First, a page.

ID 144
Title Textbook Diplomacy (1)
Broadcast 2010-01-27 00:00:00
Network World Service
Presenter Mark Whitaker
Producer Mark Whitaker
Precis In Europe, Africa, the Middle East, and Asia historians are struggling to produce school textbooks that will help overcome deep-seated misunderstandings and hatreds between neighbouring states. This week - South Africa
Duration 20
Txtime 1899-12-30 10:00:00
Description In Europe, Africa, the Middle East, and Asia historians are struggling to produce school textbooks that will help overcome deep-seated misunderstandings and hatreds between neighbouring states.

Can historians help in the process of overcoming long-standing tensions between neighbouring states ? Can they contribute in a concrete way to diplomatic efforts at understanding and reconciliation ? Can they teach history in a way that will help children break out of old cycles of mistrust or hatred ? They are certainly trying, but it's not easy in a world of resurgent nationalisms. This series explores the challenges for 'textbook diplomacy' in two different contexts [part 1] South Africa and [[art 2] Europe, particularly the Balkans.

To some extent developments in Western Europe have shown what can be done.

i) Last autumn students at French and German secondary schools started using a common history textbook - the fruit of five years' work by a high-level Franco-German Textbook Commission. With the exception of a few paragraphs the German and French texts are identical : the few fundamental differences (over the USA in particular) are explained. A new Commission is now at work on the 1918-1945 period, focusing on the complexity of arriving at a common understanding of the Second World War.

ii) This summer saw the completion of a five-year project, funded by the European Science Foundation, entitled Representations of the Past : the Writing of National Histories in 19th and 20th Century Europe. Overseen by a German historian working at the University of Manchester (who says historians all too often "have blood on their hands"), it starts from the premise that professional history as a discipline arose out of 19th nationalism, and grapples with how to get beyond it. It recognises that as the European Community has expanded, the tension between 'Europeanness' and nationalism has intensified - especially in eastern and south eastern Europe.

The base for these initiatives is a remarkable institution, the Georg Eckert Institute for International Textbook Research in the German town of Braunschweig. It brings together scholars and educators from countries who cannot agree on a shared past - to brainstorm, and to come up with concrete initiatives in schools. It's dealing with Germany/Poland, with Poland/Russia, and - most adventurously - with Israel/Palestine.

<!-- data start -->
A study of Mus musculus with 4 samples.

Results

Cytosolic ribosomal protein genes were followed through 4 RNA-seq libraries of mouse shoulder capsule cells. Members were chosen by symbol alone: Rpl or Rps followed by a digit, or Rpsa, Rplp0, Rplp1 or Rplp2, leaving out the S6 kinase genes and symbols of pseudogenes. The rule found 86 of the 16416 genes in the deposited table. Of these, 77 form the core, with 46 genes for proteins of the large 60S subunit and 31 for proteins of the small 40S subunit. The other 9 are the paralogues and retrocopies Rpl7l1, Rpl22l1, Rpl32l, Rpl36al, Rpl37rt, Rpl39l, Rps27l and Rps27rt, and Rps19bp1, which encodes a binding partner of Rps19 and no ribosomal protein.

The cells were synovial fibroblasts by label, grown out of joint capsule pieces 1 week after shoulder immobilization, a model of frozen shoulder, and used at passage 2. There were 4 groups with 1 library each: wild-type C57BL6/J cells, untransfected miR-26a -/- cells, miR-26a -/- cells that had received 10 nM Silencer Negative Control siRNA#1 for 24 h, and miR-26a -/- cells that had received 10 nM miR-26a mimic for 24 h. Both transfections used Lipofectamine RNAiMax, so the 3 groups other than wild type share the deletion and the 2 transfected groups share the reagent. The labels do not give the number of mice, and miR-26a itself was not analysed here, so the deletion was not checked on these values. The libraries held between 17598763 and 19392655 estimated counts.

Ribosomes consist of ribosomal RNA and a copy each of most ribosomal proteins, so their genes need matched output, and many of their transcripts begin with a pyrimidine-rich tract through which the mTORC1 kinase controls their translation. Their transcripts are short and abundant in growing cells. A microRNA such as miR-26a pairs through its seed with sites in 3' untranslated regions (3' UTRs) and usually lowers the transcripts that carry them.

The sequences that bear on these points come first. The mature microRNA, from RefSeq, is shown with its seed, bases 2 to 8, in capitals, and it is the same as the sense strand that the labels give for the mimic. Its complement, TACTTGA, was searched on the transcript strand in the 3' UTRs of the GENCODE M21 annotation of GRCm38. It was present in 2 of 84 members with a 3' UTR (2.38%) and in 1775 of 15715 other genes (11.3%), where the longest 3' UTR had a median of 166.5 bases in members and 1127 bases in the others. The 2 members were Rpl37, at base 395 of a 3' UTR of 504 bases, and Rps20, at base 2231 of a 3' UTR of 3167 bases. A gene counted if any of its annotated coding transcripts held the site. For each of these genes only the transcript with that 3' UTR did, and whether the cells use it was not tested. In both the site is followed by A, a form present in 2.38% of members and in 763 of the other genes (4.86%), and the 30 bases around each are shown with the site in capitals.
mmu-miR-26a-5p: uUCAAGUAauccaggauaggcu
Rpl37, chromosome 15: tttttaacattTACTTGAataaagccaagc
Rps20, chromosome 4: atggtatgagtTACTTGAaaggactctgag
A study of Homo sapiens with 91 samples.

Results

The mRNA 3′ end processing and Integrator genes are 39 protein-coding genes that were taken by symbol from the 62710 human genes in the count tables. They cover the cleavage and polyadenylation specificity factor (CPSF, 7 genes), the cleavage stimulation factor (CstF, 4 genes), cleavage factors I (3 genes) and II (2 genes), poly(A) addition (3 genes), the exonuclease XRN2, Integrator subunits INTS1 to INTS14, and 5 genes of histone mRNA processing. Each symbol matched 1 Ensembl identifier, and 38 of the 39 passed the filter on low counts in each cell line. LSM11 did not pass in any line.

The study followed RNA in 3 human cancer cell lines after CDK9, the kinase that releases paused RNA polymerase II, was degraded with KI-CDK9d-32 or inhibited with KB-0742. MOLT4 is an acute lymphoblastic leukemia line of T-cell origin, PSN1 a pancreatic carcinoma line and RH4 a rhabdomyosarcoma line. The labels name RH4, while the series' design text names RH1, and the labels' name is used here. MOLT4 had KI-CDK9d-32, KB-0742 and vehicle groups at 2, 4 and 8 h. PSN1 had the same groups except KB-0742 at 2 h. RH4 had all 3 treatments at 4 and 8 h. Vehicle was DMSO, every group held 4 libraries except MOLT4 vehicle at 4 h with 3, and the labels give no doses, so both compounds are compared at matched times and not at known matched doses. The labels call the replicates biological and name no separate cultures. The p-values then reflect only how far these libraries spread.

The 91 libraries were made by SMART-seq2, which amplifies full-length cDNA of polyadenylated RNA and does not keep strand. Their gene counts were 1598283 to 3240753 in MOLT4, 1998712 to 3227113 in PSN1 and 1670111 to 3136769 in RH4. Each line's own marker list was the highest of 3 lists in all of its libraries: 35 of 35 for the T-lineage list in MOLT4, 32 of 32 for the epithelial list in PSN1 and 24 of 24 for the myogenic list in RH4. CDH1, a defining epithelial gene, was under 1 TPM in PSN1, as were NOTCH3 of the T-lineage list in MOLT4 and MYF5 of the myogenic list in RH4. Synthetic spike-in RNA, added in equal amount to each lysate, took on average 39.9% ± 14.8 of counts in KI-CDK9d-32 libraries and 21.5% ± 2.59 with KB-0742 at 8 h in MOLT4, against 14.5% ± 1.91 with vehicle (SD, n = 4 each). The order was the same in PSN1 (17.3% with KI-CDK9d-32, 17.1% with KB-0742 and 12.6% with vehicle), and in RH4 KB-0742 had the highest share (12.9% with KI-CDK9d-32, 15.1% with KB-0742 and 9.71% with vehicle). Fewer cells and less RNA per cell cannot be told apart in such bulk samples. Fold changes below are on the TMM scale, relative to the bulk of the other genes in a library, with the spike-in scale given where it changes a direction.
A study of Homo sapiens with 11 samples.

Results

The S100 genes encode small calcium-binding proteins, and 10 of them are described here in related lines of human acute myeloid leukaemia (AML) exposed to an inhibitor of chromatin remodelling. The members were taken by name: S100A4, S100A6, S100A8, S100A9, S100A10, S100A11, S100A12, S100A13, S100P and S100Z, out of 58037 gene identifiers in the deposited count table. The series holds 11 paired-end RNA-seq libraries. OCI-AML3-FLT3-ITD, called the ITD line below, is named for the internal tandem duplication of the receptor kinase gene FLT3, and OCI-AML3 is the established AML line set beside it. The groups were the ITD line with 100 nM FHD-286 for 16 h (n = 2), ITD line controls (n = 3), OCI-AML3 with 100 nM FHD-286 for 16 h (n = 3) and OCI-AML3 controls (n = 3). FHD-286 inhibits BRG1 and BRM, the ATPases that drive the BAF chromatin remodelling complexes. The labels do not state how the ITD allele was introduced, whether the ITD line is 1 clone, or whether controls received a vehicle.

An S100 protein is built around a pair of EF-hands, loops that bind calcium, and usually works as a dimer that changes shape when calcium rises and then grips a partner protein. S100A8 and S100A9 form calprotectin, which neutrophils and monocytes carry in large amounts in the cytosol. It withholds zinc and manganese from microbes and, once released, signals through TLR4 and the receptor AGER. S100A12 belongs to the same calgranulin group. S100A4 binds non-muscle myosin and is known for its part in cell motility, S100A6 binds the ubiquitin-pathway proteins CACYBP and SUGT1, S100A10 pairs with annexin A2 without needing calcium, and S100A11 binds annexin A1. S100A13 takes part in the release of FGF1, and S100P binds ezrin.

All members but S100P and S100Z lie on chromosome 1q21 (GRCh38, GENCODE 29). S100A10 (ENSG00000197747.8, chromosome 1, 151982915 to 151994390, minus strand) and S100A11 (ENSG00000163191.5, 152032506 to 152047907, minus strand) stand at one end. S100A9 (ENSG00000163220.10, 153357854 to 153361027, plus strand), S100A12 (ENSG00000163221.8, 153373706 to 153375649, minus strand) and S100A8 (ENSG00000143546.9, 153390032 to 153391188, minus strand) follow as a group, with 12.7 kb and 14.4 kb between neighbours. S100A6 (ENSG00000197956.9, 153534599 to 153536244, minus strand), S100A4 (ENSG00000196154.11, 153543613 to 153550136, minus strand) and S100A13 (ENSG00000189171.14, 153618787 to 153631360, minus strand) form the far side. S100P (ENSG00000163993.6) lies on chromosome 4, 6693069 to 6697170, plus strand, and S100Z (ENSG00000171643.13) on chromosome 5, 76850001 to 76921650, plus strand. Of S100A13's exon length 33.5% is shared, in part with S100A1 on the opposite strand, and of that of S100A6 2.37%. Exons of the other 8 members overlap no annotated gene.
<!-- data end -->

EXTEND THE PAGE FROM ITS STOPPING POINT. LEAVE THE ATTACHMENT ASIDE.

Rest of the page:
Salzburg is home to the Institute for Historical Justice and Reconciliation. Also with a base in Washington, the Institute sees its job as seeking 'to dispel public myths about historic legacies that are frequently exploited to inflame nationalist prejudices : the IHJR is developing a methodology for consensus building around disputed historical legacies.'

Programme 1 [this week] looks at South Africa,and the efforts now being made by academics and teachers to produce textbooks that adequately reflect the very different histories of black nationalism and afrikaaner nationalism, particularly difficult when history was given little importance in schools for many years following the end of apartheid.

Programme 2 [next week] focusses on Europe and in particular Bosnia, where efforts are being made in Bosnia to replace school history books that perpetuate racial hatred. Olli Rehn, the European Commissioner for Enlargement, is pushing for a common Balkans history textbook : and an international group made up of historians from the Balkans, the US, Canada and Europe is setting out to 'address historical flashpoints created by the conflicts, with the goal of writing a scholarly history by consensus.'

Each programme features interviews with historians, teachers, politicians, pupils and parents : each explores the contradictions between history and politics and between schools and communities.